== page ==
Just watched The Social Network last night and was really struck by the beautifully sad ending. Found the Zuckerman character strangely likable, maybe for some of the reasons you mention. Someone on IMDB questioned if the actor intended to play the character as if he had Asperger's, and I can empathize with the character's apparent inability to feel empathy.

I've heard the Citizen Kane comparison from a few sources. I see the similarities, but since there are scores of films utilizing the patented Citizen Kane framing device in an attempt to make sense of a mysterious and lonely central character that can lay similar claims, I don't think that's especially revealing. I like your Pinocchio comparison better.

Bill Altreuter

Ah, Fireball XL-5. I was just thinking about it the other day.

Good analysis of The Social Network, which I liked a great deal. I liked the use of depositions as a framing device, and I especially liked that it "got" the internet-- and particularly Facebook-- better than any movie I think I've seen.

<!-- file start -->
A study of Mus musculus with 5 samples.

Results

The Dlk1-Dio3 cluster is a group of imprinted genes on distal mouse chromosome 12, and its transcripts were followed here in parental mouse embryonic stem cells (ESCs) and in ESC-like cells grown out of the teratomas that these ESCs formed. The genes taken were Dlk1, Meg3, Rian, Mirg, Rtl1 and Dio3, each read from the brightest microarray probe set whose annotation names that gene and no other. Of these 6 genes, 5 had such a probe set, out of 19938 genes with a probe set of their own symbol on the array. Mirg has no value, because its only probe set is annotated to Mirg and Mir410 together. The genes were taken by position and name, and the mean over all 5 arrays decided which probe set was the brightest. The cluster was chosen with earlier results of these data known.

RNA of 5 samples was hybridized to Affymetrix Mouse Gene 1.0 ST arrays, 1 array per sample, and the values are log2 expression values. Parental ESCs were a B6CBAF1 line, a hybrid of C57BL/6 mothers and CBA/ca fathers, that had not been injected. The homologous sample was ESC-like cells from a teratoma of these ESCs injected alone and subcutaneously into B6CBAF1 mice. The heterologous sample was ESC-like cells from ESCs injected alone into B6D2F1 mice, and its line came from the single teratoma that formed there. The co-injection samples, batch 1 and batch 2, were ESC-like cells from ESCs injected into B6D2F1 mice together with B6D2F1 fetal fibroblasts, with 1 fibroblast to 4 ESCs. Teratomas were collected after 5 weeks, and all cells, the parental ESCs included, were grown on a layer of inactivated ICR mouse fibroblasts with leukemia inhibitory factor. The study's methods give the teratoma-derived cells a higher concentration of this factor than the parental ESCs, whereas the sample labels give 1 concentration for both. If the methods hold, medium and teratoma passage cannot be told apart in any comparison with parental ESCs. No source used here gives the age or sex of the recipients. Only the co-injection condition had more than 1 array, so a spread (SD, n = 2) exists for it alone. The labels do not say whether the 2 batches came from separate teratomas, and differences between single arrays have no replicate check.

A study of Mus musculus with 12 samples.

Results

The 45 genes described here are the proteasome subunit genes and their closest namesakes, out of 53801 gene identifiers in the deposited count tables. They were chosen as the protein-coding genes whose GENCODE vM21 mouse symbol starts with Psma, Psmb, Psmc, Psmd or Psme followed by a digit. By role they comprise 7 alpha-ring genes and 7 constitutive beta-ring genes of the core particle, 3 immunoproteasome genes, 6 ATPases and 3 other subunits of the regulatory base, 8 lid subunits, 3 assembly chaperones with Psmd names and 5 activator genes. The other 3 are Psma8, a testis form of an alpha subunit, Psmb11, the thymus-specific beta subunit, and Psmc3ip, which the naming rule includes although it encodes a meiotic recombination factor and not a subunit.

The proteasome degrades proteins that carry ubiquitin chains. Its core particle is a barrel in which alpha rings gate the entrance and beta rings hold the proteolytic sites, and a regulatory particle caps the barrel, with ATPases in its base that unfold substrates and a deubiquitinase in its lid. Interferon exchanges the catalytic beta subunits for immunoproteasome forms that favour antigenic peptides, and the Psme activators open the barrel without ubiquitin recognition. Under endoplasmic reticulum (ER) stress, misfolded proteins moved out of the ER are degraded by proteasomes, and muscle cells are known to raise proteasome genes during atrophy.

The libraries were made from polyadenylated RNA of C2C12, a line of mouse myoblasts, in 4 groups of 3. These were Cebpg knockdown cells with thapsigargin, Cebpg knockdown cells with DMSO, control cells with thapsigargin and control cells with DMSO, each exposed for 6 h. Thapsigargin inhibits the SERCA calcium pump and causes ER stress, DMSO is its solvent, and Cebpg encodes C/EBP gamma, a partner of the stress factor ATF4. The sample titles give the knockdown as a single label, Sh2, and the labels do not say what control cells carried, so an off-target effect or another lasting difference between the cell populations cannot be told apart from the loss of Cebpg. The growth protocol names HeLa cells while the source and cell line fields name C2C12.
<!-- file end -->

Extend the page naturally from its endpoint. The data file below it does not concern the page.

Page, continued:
Facebook fascinates me because people in their 20's and younger- people who grew up with the internet-- use it as the internet. It isn't a site, it's a platform, and in some ways it goes beyond being either. For example, consider this: over the weekend my daughter got married. The photographer told us he would mail us a CD with his pictures on it. Some friends said they would email their digital pix. And one of Emily's attendants Facebook friended me the next day, which gave me access to dozens of her photographs, all neatly tagged and captioned. I guess she did it while she was at the airport. What's really remarkable about that is that for her it wasn't remarkable at all- this is how people who know how to use Facebook interact. Another example: because I am Facebook friends with several of the people who were at this event, I can see who among the guests who weren't acquainted before friended each other after. This gives me a kind of insight into the relationships among the guests that I probably could never have had before. It's very interesting, and the movie understood it.